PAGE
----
New regulations governing the sale of electronic cigarettes in Massachusetts take effect this coming week.

Massachusetts later this month will join with a majority of the other states and ban the sale of e-cigarettes to minors.  New statewide regulations will fill a void that led to a patchwork of local rules about the product that is growing in popularity while the health risks are unknown.

Sen. Charles Schumer says the manufacturers of e-cigarettes should be prohibited from marketing to children and creating flavors that he says are designed to appeal to kids.

4/17/15 Panel

Apr 17, 2015

  The Roundtable Panel: a daily open discussion of issues in the news and beyond.

Today's panelists are WAMC's Alan Chartock, SUNY Albany Journalism Professor and Investigative Professor, Rosemary Armao, and WAMC newsman, Ray Graf.

Scheduled topics include Free Trade Pact; E-Cigarette Use; Malaysia Airlines Crash Site; Teenagers Quitting School; Preet Bharara Tension.


A growing trend to raise the age of tobacco purchasing has made its way to western Massachusetts.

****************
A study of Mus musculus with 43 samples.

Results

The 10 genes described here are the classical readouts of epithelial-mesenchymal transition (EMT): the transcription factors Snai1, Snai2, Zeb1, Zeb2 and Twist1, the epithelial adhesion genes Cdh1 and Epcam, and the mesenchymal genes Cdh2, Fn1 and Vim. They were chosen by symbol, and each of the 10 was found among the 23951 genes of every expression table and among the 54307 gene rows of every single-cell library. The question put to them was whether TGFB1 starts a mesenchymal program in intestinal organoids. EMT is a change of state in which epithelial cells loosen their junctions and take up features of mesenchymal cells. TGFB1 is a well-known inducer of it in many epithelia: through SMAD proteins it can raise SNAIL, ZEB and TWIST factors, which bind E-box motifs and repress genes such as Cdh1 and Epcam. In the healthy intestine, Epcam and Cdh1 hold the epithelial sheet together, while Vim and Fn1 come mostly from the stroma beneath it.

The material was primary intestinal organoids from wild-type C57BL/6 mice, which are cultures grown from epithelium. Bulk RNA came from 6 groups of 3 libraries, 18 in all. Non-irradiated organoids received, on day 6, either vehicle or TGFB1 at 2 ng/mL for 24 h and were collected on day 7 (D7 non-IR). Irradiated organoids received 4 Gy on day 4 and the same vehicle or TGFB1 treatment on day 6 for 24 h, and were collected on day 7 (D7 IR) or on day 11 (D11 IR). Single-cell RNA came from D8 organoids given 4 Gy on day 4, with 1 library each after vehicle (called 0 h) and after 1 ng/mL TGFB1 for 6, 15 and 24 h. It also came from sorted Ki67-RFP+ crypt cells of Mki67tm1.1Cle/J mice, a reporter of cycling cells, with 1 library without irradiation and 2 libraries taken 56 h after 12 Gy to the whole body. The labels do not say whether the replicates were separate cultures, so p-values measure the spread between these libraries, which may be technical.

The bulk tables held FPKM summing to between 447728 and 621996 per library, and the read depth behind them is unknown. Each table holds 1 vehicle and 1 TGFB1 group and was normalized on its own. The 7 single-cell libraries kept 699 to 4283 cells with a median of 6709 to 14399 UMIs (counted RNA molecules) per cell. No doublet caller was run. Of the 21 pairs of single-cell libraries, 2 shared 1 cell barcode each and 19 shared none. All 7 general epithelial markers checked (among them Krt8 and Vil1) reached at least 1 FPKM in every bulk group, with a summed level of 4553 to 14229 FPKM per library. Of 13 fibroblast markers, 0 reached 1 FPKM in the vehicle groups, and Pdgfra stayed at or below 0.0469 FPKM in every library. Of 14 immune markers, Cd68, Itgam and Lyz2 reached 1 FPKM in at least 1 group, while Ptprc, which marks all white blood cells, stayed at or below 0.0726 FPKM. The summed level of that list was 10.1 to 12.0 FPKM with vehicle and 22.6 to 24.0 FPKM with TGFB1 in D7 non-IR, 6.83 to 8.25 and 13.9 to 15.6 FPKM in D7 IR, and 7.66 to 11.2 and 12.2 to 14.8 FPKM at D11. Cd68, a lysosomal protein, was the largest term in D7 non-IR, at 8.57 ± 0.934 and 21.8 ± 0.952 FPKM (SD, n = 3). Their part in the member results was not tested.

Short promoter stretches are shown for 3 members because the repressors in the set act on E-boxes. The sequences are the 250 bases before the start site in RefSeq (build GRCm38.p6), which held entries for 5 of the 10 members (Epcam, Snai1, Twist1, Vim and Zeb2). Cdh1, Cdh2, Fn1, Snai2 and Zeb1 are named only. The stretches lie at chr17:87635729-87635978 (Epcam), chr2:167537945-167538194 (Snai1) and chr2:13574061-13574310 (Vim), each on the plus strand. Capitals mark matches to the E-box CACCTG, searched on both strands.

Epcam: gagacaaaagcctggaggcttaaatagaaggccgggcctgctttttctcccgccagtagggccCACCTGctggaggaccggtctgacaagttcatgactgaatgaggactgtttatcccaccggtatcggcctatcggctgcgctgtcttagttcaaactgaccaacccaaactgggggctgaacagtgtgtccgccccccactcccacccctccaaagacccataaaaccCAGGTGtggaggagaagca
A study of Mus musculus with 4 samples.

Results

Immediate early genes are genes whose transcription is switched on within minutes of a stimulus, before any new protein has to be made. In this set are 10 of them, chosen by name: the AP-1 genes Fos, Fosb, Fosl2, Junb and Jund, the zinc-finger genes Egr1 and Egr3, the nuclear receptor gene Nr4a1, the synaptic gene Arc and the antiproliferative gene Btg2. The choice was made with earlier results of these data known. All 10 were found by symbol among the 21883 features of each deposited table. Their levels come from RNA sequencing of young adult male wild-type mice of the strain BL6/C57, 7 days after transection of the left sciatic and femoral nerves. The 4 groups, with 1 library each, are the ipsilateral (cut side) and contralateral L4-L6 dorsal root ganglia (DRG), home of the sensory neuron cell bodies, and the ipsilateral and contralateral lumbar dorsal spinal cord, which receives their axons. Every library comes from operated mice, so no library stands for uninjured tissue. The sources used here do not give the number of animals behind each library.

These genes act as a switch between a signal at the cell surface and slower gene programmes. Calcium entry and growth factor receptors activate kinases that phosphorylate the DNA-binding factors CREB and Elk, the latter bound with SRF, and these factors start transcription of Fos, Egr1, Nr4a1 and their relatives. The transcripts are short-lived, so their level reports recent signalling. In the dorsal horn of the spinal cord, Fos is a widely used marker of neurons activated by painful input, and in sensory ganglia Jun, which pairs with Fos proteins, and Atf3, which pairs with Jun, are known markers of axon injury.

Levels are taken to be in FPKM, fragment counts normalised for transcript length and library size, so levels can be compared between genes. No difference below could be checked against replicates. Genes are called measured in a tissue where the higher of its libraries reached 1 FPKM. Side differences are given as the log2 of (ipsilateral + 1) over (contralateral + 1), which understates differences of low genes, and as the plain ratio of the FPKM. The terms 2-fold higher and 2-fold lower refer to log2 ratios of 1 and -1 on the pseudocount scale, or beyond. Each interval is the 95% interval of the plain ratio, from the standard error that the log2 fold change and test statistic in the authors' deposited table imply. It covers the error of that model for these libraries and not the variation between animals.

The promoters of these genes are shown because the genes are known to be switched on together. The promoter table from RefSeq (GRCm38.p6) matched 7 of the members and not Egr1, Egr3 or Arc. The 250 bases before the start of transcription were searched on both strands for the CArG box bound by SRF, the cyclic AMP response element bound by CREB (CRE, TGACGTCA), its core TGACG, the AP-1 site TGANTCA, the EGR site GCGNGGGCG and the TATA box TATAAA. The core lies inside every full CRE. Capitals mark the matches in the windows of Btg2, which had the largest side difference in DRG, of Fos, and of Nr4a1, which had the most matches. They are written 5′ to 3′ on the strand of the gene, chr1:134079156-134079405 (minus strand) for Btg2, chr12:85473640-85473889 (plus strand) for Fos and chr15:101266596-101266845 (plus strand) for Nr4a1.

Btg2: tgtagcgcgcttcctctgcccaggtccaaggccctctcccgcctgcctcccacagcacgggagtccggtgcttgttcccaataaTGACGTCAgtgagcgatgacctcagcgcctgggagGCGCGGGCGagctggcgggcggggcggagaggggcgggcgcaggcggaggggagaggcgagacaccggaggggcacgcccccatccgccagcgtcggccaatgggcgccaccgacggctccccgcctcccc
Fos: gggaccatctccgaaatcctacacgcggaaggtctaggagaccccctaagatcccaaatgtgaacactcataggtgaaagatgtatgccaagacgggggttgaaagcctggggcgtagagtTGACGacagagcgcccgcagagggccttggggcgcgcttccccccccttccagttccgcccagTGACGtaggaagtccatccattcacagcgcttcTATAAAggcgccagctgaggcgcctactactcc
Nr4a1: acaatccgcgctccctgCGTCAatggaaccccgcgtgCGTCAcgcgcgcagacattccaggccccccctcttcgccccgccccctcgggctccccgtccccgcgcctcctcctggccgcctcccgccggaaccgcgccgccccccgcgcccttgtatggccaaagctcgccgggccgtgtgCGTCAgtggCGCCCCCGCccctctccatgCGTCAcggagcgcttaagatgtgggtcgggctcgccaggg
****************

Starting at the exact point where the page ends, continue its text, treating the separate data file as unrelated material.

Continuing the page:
The Massachusetts Attorney General is proposing to ban the sale of e-cigarettes to minors.  There is currently a void in Massachusetts regulations that has led to a patchwork of local restrictions on the sale and use of the new product.  

       Attorney General Maura Healey Tuesday proposed regulations that would treat e-cigarettes like tobacco products, including banning sales to people under 18 years old, prohibiting free give-a-ways or sampling, require the products be kept behind store counters, and banning vending machine sales except in adults-only establishments.

Dutchess County health officials are expressing concerns about what they see as an increase in the use of e-cigarettes by young people. And they are especially concerned about refill cartridges because of toxins. 

Dr. Lobsang Lhungay is president of the Dutchess County Board of Health. He says it is not known how much of any toxins is contained in the refill cartridges sold for electronic cigarettes. He says unregulated nicotine levels also mean unregulated chemicals.

Now that the U.S. Food and Drug Administration has proposed a new rule that would extend the agency’s tobacco authority to regulate such products as electronic cigarettes, 29 attorneys general, including from New York and New England, are calling for more stringent regulations.

Alternative tobacco products are on the rise.

Keith Humphreys, professor of psychiatry at Stanford University,  discusses a form of smokeless tobacco that is catching on overseas.

The federal government's move to regulate e-cigarettes has support from an upstate New York official.